As one of the first speakers at the funeral of his 24-year-old starting cornerback, Pat Bowlen unassumingly walked up to the top of the church pulpit steps.
He strode to the huge podium and gave a passionate, loving tribute to Darrent Williams.
There were gasps and murmurs in the jammed-packed Baptist church in Forth Worth, Texas on the first Saturday afternoon in 2007.
All the speakers, even a luminary such as Bowlen, were to address the mourners (and a live television audience in Denver) at a small podium at the front of pulpit steps.
Days later, a sheepish Bowlen admitted he had no idea of the rules of that particular church and he was just focused on honoring his player, who was senselessly gunned down in the early morning of New Year’s Day, just hours after the Broncos’ ended their 2006 season.
Despite his miscue, no one was upset at Bowlen. How could they be?
He wasn’t the type to get on people’s nerves. He was just Mr. B to most.
Mr. B wanted to say goodbye to Darrent that day and it didn’t matter where he did it from.
Pat Bowlen died late Thursday night after battling Alzheimer’s disease for several years. He was 75.
Friday, several of Bowlen’s former players expressed their grief and honored Bowlen on social media. The posts had a central theme – Bowlen’s was the ultimate player’s owner.
He loved his players.
When Williams was killed, Bowlen worked in concert with the Denver police department to find the killer. Bowlen also paid for the funeral and brought the entire Broncos’ organization to Forth Worth for the ceremony.
That’s the kind of owner players want to play for. That’s how Bowlen will be remembered in Denver and around the NFL.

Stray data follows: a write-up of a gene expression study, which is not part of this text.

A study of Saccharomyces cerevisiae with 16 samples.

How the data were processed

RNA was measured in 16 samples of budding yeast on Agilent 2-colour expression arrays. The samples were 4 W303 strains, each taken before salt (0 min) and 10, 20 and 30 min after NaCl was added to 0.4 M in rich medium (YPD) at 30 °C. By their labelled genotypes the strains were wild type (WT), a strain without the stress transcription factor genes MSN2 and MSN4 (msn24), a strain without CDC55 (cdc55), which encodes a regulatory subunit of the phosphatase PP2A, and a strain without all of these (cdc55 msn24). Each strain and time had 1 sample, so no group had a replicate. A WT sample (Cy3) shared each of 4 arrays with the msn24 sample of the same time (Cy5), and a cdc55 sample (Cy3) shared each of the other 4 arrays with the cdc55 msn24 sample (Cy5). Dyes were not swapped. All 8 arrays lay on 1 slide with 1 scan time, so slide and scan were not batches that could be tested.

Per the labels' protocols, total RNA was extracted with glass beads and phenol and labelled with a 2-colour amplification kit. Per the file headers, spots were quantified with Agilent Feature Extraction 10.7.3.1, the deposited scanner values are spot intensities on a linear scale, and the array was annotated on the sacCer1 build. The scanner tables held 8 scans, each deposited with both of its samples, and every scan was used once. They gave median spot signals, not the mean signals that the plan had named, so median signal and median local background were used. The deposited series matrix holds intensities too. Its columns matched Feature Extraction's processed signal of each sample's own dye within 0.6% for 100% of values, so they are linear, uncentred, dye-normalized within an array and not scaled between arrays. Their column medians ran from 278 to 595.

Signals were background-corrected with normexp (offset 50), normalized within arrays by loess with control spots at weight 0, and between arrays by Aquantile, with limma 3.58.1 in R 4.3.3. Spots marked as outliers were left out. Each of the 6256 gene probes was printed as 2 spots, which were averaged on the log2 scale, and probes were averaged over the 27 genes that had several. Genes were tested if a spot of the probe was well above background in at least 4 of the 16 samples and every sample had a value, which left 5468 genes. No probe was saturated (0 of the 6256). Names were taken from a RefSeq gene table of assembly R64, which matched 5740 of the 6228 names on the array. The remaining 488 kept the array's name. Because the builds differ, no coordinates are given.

In a bittersweet reality, Bowlen will be inducted into the Pro Football Hall of Fame in early August. There was a push to get Bowlen elected while he was still alive so he could perhaps enjoy it despite his ailment. The Broncos thought that goal was achieved when he was elected in February.
Cornerback Champ Bailey has said going into the Hall of Fame with Bowlen made his honor even sweeter. Bailey is a perfect example of Bowlen’s work as an owner.
Bailey was being shopped by the Washington Redskins in 2004 because he wanted a new deal they didn’t want to pay him, Bowlen pushed and gave Bailey a new record deal as part of a trade to get him. Bailey had his best years as a Bronco.
What stood out about the quiet Bowlen is that he had the demeanor of a background type of guy. But, the truth was, Bowlen was a heavily involved owner. The Broncos were his business. They weren’t an investment. He was involved in the daily operations. Bowlen would drive his Porsche into a private garage at the Broncos’ facility daily and hunker down in his office that overlooked the practice field.
While Bowlen was involved, he was never overly involved. He always let his football people run the show and it was appreciated.
He never got in the way nor did he remind people that he was the owner with his words or actions.
Bowlen bought the Broncos in 1984. They went to seven of their eight Super Bowls (and won all three) under Bowlen’s ownership.
Bowlen purchased the Broncos for $78 million 35 years ago. As of last September, the Broncos’ Forbes valuation was $2.7 billion. The Broncos have long been considered one of the better run franchises in the NFL under Bowlen.
Bowlen was also heavily involved at the NFL level. He was the chairman of the broadcast committee and he is credited for making lucrative deals for the league and making it such a strong television presence. He was also on the NFL’s labor and finance boards.
The shy Bowlen, who causally cruised around in in cowboy boots and jeans, had a major impact on his franchise and the NFL.